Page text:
Avingtrans (LON:AVG) Has A Pretty Healthy Balance Sheet

By
Simply Wall St
Published
February 11, 2021
AIM:AVG
Source: Shutterstock

The external fund manager backed by Berkshire Hathaway's Charlie Munger, Li Lu, makes no bones about it when he says 'The biggest investment risk is not the volatility of prices, but whether you will suffer a permanent loss of capital.' It's only natural to consider a company's balance sheet when you examine how risky it is, since debt is often involved when a business collapses. We can see that Avingtrans plc (LON:AVG) does use debt in its business. But should shareholders be worried about its use of debt?

Why Does Debt Bring Risk?

Debt assists a business until the business has trouble paying it off, either with new capital or with free cash flow. Part and parcel of capitalism is the process of 'creative destruction' where failed businesses are mercilessly liquidated by their bankers. However, a more frequent (but still costly) occurrence is where a company must issue shares at bargain-basement prices, permanently diluting shareholders, just to shore up its balance sheet. Having said that, the most common situation is where a company manages its debt reasonably well - and to its own advantage. When we think about a company's use of debt, we first look at cash and debt together.

View our latest analysis for Avingtrans

What Is Avingtrans's Net Debt?

As you can see below, at the end of November 2020, Avingtrans had UK£13.0m of debt, up from UK£9.55m a year ago. Click the image for more detail. However, it also had UK£7.28m in cash, and so its net debt is UK£5.70m.

debt-equity-history-analysis
AIM:AVG Debt to Equity History February 12th 2021

How Strong Is Avingtrans' Balance Sheet?

The latest balance sheet data shows that Avingtrans had liabilities of UK£49.8m due within a year, and liabilities of UK£15.8m falling due after that. Offsetting these obligations, it had cash of UK£7.28m as well as receivables valued at UK£41.7m due within 12 months. So its liabilities total UK£16.6m more than the combination of its cash and short-term receivables.

Given Avingtrans has a market capitalization of UK£97.7m, it's hard to believe these liabilities pose much threat. However, we do think it is worth keeping an eye on its balance sheet strength, as it may change over time.

We measure a company's debt load relative to its earnings power by looking at its net debt divided by its earnings before interest, tax, depreciation, and amortization (EBITDA) and by calculating how easily its earnings before interest and tax (EBIT) cover its interest expense (interest cover). Thus we consider debt relative to earnings both with and without depreciation and amortization expenses.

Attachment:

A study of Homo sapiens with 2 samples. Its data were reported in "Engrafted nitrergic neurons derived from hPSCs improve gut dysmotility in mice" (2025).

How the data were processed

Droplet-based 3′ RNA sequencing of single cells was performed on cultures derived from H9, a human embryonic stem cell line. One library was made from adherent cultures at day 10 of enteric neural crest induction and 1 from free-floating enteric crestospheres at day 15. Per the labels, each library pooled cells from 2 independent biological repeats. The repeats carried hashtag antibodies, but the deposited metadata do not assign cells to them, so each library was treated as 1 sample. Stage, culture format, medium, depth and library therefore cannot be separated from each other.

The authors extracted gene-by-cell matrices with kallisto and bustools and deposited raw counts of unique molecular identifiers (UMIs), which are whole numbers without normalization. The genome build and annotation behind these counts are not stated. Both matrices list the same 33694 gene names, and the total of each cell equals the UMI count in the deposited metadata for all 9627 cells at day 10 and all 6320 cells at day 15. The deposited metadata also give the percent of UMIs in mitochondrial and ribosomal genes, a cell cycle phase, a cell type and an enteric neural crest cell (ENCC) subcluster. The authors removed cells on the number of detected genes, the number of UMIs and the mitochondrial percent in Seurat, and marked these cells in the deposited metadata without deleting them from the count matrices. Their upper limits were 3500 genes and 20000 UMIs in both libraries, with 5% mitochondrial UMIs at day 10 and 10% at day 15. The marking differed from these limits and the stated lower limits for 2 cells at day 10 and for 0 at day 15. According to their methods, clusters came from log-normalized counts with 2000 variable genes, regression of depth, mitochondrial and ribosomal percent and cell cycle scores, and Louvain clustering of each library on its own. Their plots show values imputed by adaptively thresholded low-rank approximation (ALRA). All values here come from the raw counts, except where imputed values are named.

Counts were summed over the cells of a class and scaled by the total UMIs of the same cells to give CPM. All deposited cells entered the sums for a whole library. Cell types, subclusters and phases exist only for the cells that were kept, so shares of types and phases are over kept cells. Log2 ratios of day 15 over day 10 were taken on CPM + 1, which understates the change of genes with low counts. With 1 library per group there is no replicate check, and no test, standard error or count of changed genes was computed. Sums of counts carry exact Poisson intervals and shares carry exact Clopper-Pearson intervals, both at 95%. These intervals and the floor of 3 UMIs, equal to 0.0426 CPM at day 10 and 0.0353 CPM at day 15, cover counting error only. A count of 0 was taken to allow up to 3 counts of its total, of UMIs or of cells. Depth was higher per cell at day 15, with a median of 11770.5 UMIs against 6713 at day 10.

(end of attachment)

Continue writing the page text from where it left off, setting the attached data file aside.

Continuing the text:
Looking at its net debt to EBITDA of 0.58 and interest cover of 5.2 times, it seems to us that Avingtrans is probably using debt in a pretty reasonable way. But the interest payments are certainly sufficient to have us thinking about how affordable its debt is. Importantly, Avingtrans grew its EBIT by 47% over the last twelve months, and that growth will make it easier to handle its debt. There's no doubt that we learn most about debt from the balance sheet. But it is future earnings, more than anything, that will determine Avingtrans's ability to maintain a healthy balance sheet going forward. So if you want to see what the professionals think, you might find this free report on analyst profit forecasts to be interesting.

But our final consideration is also important, because a company cannot pay debt with paper profits; it needs cold hard cash. So we clearly need to look at whether that EBIT is leading to corresponding free cash flow. In the last two years, Avingtrans created free cash flow amounting to 15% of its EBIT, an uninspiring performance. That limp level of cash conversion undermines its ability to manage and pay down debt.

Our View

Happily, Avingtrans's impressive EBIT growth rate implies it has the upper hand on its debt. But truth be told we feel its conversion of EBIT to free cash flow does undermine this impression a bit. All these things considered, it appears that Avingtrans can comfortably handle its current debt levels. Of course, while this leverage can enhance returns on equity, it does bring more risk, so it's worth keeping an eye on this one. Above most other metrics, we think its important to track how fast earnings per share is growing, if at all. If you've also come to that realization, you're in luck, because today you can view this interactive graph of Avingtrans's earnings per share history for free.

Of course, if you're the type of investor who prefers buying stocks without the burden of debt, then don't hesitate to discover our exclusive list of net cash growth stocks, today.